The LWF Blog

Fire Safety for Facilities Management Personnel – Means of Escape – Part 117

September 27, 2021 11:23 am

Lawrence Webster Forrest (LWF) is a specialist fire engineering and fire risk management consultancy whose aim is to give information on best practice in fire safety for facilities management personnel through this blog series. In part 116, LWF talked about design codes for means of escape, how they are applied and alternatives to prescriptive codes. In part 117, we consider the principal aspects of design when planning means of escape, or assessing the adequacy of such in an existing building.

The three major elements in planning Means of Escape are:

  • Travel distances, or direct distances;
  • Escape routes and exit capacities;
  • The number of building occupants who will utilise means of escape provision.


Travel Distance

The travel distance can be described as the maximum distance needing to be travelled from any point in a building to the nearest final exit/door to protected stairway/door to external escape route.

The door to a protected stairway element relates to buildings with floors above and below ground level or entrance level. An external escape route may be an alleyway, balcony, bridge, walkway etc.

A final exit is that which leads of a place of safety, usually in the open air and that is relevant when discussing the ground level or entrance level of a building.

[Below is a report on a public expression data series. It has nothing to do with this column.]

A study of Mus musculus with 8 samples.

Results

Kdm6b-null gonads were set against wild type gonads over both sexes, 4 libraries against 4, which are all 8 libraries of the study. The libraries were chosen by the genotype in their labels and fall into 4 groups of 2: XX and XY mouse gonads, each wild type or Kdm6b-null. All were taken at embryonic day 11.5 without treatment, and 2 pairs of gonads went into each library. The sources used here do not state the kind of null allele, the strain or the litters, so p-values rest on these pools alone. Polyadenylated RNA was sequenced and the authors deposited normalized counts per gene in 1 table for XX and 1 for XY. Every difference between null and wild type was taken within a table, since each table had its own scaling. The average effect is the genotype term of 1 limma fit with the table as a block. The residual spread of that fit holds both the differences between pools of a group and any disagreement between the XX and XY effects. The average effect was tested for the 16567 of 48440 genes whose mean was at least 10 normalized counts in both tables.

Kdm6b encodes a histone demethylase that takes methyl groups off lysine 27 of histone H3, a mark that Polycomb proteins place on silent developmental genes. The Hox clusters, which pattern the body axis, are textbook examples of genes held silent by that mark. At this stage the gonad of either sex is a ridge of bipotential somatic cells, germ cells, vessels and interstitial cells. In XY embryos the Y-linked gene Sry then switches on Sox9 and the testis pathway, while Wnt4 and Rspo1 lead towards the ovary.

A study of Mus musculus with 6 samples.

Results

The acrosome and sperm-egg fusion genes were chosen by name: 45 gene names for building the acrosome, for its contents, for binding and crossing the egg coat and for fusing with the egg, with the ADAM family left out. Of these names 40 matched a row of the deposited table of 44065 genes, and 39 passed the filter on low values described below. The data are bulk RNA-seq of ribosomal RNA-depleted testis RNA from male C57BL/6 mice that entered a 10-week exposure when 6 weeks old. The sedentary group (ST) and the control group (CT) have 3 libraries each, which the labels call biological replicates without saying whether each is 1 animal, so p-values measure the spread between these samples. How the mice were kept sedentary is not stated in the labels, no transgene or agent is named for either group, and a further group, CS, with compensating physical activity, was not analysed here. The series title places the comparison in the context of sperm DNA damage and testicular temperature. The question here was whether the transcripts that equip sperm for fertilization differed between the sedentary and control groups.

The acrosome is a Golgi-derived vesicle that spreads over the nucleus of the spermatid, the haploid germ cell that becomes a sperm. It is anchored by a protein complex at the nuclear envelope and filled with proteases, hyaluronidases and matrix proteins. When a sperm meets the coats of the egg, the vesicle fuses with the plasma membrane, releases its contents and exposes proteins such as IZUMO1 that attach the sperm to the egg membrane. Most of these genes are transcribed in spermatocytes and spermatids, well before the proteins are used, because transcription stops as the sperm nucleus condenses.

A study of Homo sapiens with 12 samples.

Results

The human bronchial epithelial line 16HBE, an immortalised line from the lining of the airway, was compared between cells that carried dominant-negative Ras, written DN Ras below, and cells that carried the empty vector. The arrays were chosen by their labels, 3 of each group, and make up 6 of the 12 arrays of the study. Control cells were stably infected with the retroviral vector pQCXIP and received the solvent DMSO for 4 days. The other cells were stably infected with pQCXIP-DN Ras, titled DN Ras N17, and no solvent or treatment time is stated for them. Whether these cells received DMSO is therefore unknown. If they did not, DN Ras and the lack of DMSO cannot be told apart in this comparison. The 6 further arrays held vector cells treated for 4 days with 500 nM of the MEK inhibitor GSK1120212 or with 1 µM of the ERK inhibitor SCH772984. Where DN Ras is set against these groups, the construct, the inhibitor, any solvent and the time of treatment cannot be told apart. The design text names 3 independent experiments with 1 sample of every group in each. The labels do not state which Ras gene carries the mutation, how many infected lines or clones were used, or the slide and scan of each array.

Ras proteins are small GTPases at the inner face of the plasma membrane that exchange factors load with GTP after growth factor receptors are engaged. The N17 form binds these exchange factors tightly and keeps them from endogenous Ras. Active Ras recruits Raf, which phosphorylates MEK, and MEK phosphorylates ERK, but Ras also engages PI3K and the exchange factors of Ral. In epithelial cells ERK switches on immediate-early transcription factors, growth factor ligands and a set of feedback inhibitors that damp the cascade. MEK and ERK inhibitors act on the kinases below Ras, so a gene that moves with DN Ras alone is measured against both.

In essence, then, the travel distance is the maximum distance a person would have to walk to reach a place of relative or absolute safety, measured along the actual route they would walk, and not as a direct line between two points.

Limitation of travel distances is a way of minimising the potential for people being exposed to the effects of fire in the unprotected part of the escape route. The maximum travel distances referred to in prescriptive codes are not necessarily to be followed rigidly, although they should not be exceeded by any significant amount either.

A fire engineered solution may allow a different approach to evacuation and therefore, more flexibility on travel distances. This is commonly achieved through a cohesive approach including active and passive fire protection measures.


Direct Distance

When a building is at the design stage, it can be the case that the internal layout has not yet been finalised and furnishings placement has not been decided upon. This can mean that a virtual walkthrough is not possible, to establish the actual distance a person might travel to a place of relative or absolute safety. An attempt to do so might mean that the figures were incorrect, because of ultimate placement of machinery, or desks, partitions etc.

In these instances, direct distance may be used. Direct distance is defined as the shortest distance from any point on the floor area to the nearest storey exit, ignoring walls, partitions and fittings – other than the enclosing walls or partitions of protected stairways. Direct distances are typically 2/3rd’s of the permissible travel distance, to make an allowance for furniture and other obstructions.


In part 118 of this series, LWF will continue to look at the use of direct distance in designing means of escape, and travel distance in general. In the meantime, if you have any queries about your own facilities or wish to discuss this blog series, please contact LWF on freephone 0800 410 1130.

Lawrence Webster Forrest is a fire engineering consultancy based in Surrey with over 25 years’ experience, which provides a wide range of consultancy services to professionals involved in the design, development and construction and operation of buildings.